Preparation & Recovery

By Andrew Pilcher

With a difficult year behind us, we don’t want to carry those difficult things into our current and future life. Let’s process the fact that we have all gone through massive changes. This is unsettling. Exercise & strength training can be tricky to fit in, and to know what best to do is a minefield! The thought of preparation is difficult, I can hear you saying “I’m not qualified” to plan it, Oh well, I’m just going to do it! BUT WAIT! Preparation is key!


Planning is one of the most important things about exercise. Training smart always trumps training more. Many people have tried pushing into new activities and expect the body to be just as it was years ago. But our body is forever changing and adapting. It is not always true that we will do less as the years go on.  

You don’t need a degree to guide yourself. Just give yourself some guidelines and boundaries, and try for what is reasonable: gradually increasing always gives a better outcome. Simply set a goal, however different it is to what you do now, and work at it gradually! If its complex, break it up and work on certain aspects of it. Try a mix of cardio loading 1-2 times a week and strength training 3 times a week.

Plan, and make sure you’re not training the same way every day. 

For example, you want to mountain climb regularly! Good for you! You can split up this undertaking into skill specific work 1-2 times a week initially, and strength work 2-3 times a week with some type of resistance training. After a couple of weeks, increase either how long you train or the resistance you use. After a month, increase the other (how long you train and the resistance you use). This makes it GRADUAL, not all at once. You have increased your training, taken strides towards your goals and you’ve made it sustainable. Then in possibly 2-3 months you are climbing difficult travails, and you are loving it! If you’re asking your body to perform climbing for long hours, and high loading in 1-2 weeks (4-5 sessions) from mostly couch potato, you are asking for some sort of overload/failure resulting in injury or burnout.


This is equally very important. This relates to both recovery throughout exercise sessions/classes/activity and throughout the week in between training days. Recovery is part of the body’s training process. You can’t get stronger or better without sufficient recovery.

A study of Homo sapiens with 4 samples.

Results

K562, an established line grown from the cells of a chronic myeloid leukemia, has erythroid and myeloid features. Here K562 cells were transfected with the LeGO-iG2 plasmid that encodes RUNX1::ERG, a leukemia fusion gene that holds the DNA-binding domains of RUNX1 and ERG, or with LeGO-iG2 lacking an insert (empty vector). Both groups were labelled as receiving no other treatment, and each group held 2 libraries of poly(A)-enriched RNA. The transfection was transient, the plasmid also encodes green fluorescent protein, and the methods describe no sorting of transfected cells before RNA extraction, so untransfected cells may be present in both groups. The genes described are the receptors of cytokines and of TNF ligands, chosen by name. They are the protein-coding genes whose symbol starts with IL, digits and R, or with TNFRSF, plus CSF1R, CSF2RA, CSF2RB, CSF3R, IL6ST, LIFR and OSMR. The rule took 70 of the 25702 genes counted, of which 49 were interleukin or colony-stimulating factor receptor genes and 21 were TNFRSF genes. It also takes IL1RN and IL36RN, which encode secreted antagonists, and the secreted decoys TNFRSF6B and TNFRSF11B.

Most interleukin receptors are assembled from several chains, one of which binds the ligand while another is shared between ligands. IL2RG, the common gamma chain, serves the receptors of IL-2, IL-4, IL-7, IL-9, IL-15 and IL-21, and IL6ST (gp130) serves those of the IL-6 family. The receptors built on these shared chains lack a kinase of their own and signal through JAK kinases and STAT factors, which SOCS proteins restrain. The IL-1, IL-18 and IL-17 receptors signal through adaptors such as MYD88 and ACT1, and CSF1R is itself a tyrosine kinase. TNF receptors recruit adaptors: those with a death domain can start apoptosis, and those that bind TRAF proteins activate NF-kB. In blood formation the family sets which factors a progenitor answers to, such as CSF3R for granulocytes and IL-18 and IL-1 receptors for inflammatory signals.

In sessions of exercise, fatigue tends to give you guidance for your body to have short rest periods. High resistance loading means you should give your body roughly 1 minute of loading followed by 1 minute of recovery. The exact times are slightly more complicated but this is a good start. Important soft tissue changes and responses are happening in this recovery time. Respect it. If you’re bored you can vary what muscle group you load next. This is called off-setting. For example you might do some abdominal exercises, and whilst your abdominals have their 1 minute rest, you can do some arm work not involving loading abdominals. Or just have a minute to drink, and enjoy the rush of hard work coursing through your body. Either way!

Photo by Eduardo Flores on Unsplash

Throughout the week it is so important to have rest days. I call them party days. This is so you enjoy them! Enjoy the days your body is recovering (you might feel a few muscles telling you how hard they have worked!). But while light walks or lighter activity (even gentle housework) is great on those days, understand that physiological processes are happening here that are vital to maintaining an upward trajectory. Loosely at least 1 day, usually I like 2 days of rest a week. They can be split up or together, it doesn’t matter. Enjoy yourself!

Throughout the year, again rest is important. This is really important for those doing specific and intense training. If you can have a week off every 3 months, or something similar when it is convenient for your training schedule, it is so important for shared loading in your body. You will inevitably do different things in these off-periods, like walking, or leisure, cycling, maybe some couch potato work, but this is very important to prevent chronic load to our body’s tissues. 

So prepare, plan, reward yourself, rest.